Some say that the drinking water infrastructure in the United States is considered an “invisible utility.” But various factors from the impact of climate change to water crises, such as the one in Flint, Michigan, are causing people to think about water in a new way.
To measure exactly how our outlook, as a country, is changing, the company I work for, Nestlé Waters North America, commissioned a study, “Perspectives on America’s Water,” which surveyed nearly 7,000 U.S. adults about their views on water-related topics. The study is a first-of-its-kind look into the changing points of view around our water supply.
What we found is a remarkable sense of urgency. Two in three Americans believe that their own community’s clean drinking water is at risk, not just from infrastructure distress, but also from severe drought and other climate-related issues.
Why conduct a study like this? Because the time is now for more urgent conversations and innovations to improve our nation’s water supply. And it’s our commitment as the nation’s leading bottled water company to play an active role in communities across the country. Our ability to operate in communities depends directly on the extent to which we understand and are sensitive to their concerns and the actions we take to create shared value.
We’ve been having conversations about water and resources on a local level for more than 30 years. But now is the time to have the conversation on a national level. That is why I am so excited to be at the Aspen Ideas Festival this year. We can use the insights gathered from our experience as well as what we’ve heard through our study, to start meaningful conversations with potential partners and other stakeholders – from governments to environmental groups and the private sector — to address these issues head on.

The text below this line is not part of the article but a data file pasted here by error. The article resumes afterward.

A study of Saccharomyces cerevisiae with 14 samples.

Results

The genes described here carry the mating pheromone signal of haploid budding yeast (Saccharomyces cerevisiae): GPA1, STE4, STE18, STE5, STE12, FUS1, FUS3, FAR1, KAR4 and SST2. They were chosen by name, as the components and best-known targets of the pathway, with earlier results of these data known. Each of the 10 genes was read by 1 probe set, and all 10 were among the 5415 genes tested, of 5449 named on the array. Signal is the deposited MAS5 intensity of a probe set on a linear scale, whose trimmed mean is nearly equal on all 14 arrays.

My colleague Nelson Switzer, who is our Chief Sustainability Officer at Nestlé Waters North America, will be participating in a panel discussion later this week “Abundance for All? Clean Water Access in America” about the challenges facing our nation’s water system. Nelson and I are both excited to hear how the conversation evolves — and see how policy, technology, investment and community action will shape the future of one of our most critical natural resources.
When you improve access to clean, safe drinking water, communities prosper. Americans are clearly aware that their once “invisible utility” is now very visible indeed – and the time to act is now.